In the last three years, my marriage ended, my father died of a stroke and my younger brother committed suicide at the age of 46. During these years, the ground beneath me felt like it was constantly shifting. I experienced a feeling of groundlessness like never before. What I was experiencing head on, was impermanence, a cornerstone of buddhist teachings.
The idea of impermanence helped me to traverse these tragedies and not only survive them but grow into a more centered, stronger, compassionate human. Here is my simple take away. Here is what I know to be true and I hope helpful for others.
Life events including our successes, failures and emotions are all fleeting. This cycle is out of our control. Simply put we don't know when tragedy or beauty will come into our life. The only thing we control, our super power is how we react to life's impermanence. Our super power is how we react to life's never ending cycle of suffering and and beauty.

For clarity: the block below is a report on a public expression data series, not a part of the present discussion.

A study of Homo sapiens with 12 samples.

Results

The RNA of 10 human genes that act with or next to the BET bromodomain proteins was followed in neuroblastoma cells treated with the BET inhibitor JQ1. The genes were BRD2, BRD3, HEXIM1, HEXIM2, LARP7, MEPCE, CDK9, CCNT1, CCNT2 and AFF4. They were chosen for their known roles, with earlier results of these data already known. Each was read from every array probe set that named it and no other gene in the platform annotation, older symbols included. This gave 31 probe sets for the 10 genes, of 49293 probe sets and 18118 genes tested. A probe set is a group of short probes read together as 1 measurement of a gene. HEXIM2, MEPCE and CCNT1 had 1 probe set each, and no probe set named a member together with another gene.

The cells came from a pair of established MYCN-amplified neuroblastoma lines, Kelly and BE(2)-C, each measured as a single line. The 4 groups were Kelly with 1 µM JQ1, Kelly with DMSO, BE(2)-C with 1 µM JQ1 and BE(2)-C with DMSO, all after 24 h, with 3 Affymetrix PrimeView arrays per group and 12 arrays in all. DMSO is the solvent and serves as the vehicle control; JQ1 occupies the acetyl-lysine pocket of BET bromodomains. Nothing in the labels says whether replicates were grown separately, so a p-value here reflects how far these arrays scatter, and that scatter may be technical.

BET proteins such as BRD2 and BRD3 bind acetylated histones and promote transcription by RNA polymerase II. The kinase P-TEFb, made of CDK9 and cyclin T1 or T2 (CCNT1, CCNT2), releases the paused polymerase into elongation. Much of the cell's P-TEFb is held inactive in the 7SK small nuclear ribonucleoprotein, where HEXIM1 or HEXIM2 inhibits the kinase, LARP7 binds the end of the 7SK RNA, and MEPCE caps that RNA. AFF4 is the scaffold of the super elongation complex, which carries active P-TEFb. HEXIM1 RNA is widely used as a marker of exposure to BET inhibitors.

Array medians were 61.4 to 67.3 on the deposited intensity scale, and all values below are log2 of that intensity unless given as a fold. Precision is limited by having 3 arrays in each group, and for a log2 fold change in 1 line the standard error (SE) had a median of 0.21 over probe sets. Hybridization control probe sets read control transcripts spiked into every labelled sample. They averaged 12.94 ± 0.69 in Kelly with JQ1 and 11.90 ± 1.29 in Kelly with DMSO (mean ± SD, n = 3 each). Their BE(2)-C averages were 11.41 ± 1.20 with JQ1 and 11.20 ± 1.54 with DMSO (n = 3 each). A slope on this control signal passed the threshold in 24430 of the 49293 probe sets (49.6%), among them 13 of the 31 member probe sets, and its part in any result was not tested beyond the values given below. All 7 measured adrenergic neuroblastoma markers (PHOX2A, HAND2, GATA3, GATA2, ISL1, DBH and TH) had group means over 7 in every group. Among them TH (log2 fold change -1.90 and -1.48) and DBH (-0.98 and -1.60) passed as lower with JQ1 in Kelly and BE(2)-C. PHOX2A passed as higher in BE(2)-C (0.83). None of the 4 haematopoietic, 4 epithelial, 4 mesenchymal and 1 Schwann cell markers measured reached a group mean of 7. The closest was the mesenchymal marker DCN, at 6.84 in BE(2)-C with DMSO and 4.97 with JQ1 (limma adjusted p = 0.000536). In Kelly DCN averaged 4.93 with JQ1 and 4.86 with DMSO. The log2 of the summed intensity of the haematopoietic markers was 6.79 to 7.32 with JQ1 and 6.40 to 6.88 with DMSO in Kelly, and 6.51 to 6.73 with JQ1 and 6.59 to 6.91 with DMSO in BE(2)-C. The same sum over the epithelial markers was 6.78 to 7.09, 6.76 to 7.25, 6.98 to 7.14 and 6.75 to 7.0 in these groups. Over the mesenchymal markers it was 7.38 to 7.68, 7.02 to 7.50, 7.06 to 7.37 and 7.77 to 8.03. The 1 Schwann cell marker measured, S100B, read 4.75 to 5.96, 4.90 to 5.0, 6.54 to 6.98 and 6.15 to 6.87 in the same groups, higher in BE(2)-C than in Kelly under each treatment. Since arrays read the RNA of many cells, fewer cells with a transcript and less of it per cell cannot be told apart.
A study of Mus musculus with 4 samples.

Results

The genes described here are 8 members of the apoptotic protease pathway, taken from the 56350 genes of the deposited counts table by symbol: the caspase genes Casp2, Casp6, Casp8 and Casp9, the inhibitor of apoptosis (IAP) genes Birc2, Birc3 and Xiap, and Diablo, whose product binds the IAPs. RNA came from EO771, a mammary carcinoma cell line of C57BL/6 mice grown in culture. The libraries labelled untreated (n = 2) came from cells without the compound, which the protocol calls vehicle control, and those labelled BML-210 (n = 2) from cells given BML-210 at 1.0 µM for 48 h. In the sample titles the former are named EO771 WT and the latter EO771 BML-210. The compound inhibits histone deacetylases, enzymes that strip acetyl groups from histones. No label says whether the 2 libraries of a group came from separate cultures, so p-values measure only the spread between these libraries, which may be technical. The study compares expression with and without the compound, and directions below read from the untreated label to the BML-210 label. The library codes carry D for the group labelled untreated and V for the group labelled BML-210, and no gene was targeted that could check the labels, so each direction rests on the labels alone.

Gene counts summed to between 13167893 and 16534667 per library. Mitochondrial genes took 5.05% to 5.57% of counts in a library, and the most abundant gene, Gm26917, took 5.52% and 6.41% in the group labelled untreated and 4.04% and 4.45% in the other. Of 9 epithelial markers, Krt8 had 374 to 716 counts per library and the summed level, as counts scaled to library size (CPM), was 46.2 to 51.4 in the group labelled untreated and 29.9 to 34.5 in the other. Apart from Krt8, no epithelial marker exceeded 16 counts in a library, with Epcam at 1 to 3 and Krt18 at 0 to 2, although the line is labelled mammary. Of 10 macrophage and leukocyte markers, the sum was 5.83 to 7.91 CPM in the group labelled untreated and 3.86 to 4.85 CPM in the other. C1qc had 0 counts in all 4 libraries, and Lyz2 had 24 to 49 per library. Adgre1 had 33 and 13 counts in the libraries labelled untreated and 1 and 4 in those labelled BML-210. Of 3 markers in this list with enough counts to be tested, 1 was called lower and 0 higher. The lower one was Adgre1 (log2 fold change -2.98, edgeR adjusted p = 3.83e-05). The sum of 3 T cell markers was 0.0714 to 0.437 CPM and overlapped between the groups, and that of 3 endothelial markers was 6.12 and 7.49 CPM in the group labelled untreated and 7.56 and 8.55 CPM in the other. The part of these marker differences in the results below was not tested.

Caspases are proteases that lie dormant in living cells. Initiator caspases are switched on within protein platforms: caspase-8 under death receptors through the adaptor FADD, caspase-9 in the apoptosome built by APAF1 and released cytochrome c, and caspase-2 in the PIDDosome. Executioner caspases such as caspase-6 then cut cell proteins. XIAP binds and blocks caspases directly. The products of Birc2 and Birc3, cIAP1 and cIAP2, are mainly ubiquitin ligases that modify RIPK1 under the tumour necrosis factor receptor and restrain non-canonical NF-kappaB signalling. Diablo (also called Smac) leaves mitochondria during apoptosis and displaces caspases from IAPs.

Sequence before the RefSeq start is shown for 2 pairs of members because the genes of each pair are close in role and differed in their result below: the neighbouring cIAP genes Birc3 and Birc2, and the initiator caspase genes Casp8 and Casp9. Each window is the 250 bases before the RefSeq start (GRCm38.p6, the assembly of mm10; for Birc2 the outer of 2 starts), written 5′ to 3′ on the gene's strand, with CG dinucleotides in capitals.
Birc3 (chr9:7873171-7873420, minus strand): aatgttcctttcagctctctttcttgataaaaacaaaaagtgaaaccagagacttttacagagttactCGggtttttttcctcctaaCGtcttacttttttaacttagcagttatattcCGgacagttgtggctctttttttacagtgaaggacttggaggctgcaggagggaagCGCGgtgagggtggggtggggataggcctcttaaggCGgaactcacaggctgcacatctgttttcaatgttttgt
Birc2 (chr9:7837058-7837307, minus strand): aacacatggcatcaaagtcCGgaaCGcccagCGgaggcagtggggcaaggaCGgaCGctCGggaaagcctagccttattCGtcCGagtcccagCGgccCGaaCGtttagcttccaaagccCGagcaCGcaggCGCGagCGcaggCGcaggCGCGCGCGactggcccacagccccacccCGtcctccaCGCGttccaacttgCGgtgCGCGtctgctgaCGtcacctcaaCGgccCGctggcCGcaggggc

As the wonderful teacher Pema Chödrön puts it, “We think that the point is to pass the test or overcome the problem, but the truth is that things don't really get solved. They come together and they fall apart. Then they come together again and fall apart again. It's just like that. The healing comes from letting there be room for all of this to happen: room for grief, for relief, for misery, for joy.”
So how do we choose to handle this endless journey of coming together and falling apart, suffering and beauty? Do we accept it with dignity or with rage? Do we give ourselves time to process or do we charge ahead? Do we garner knowledge or curse against the injustice? Do we sit on the couch and binge watch Netflix or do we go outside and look at the sky? Do we connect with friends or retreat into our shell? Do we fall into victim mode or super hero mode?
How we process life's impermanence in my view, is our super power.